Alice Waters: food revolutionary and nutrition activist

David Prior, director of communications, describes the restuarant's homey atmostphere as "an aesthetic Craftsman building," which sets the stage for the culinary art and nutritional revolution of Chez Panisse. Photo by Yael Heiblum

BERKELEY, Calif. — What started as an ideal in the 1970s is now celebrating its 40th anniversary. The innovative restaurant Chez Panisse, founded by Alice Waters in 1971, was, and is to this day, implementing activist ideals in the world of food as Waters continues to be dedicated to helping people “realize the implication that fast food has on health of the nation and the environment,” said David Prior, director of communications.

“By understanding the roots of the free-speech movement you can understand this restaurant,” said Prior, explaining Waters’ 1960s involvement in the movement that gave students the right to use the university has a place for political activity and debate. But Waters and her friends didn’t have a business plan.

“They had no experience whatsoever, just interested in sitting around the table,” he said, referring to the early days when Waters wanted to cook for her friends. On later visits to France, Waters became inspired by the fresh produce she saw in the markets and the local eating customs.

At Chez Panisse, Alice Waters ensures that all ingredients are brought in fresh daily, including the floral arrangements. Photo by Yael Heiblum

She came back to the States with  the idea of eating what is fresh on any given day, and opened a restaurant in which the constantly changing menus would be “inspired by what comes through the door,” said by Prior; this was a revolutionary proposal at the time, in part because there was no network of small farmers who could supply her. Over the years, the restaurant became a “fusion of gourmet and politics,” said Prior. In addition to Waters’ emphasis on seasonal, local and organic, the Chez Panisse kitchen uses ingredients in the wild, including boar and mushrooms. Over the years “the way Americans think about food has changed … you can say without hesitation that organic, local produce had its birthplace here, gathering momentum in the past decade,” said Prior.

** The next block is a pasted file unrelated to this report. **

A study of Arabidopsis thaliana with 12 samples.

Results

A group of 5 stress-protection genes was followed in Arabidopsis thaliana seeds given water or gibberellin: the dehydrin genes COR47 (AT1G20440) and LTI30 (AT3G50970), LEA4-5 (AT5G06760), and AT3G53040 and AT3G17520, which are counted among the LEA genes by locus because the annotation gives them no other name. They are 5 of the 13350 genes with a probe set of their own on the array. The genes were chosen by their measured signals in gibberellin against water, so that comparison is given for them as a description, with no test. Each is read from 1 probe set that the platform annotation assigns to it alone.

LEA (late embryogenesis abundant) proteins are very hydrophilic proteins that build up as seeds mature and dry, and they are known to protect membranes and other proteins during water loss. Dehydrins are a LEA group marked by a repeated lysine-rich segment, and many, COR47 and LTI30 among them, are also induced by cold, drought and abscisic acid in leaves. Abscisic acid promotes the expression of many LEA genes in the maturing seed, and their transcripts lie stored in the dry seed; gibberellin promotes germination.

By starting The Edible Schoolyard project 15 years ago, in which produce gardens at schools are used to teach science, cooking and nutrition, Waters hopes to “change the knowledge, attitude and behavior that children have around food and nutrition,” said Prior. Beginning with Berkeley’s Martin Luther King Junior Middle School and now at seven other locations across the nation, as well as influencing more than 300 others,  students learn how to lead healthier lifestyles by “enrich[ing] the existing curriculum with lifelong nutrition and interactive education,” he said. For example, in history class, children learn how ancient civilizations ground wheat and turned it into flour firsthand, while also learning why whole wheat is better than white bread.

Water’s slow-food revolution has inspired countless other people, schools and organizations to consider the importance of healthy eating and fresh, pesticide-free produce. In the fall, she is co-creating a college class, Edible Education 101: The Rise and Future of the Food Movement, at the University of California at Berkeley, in the hopes that the next generation will carry on her vision.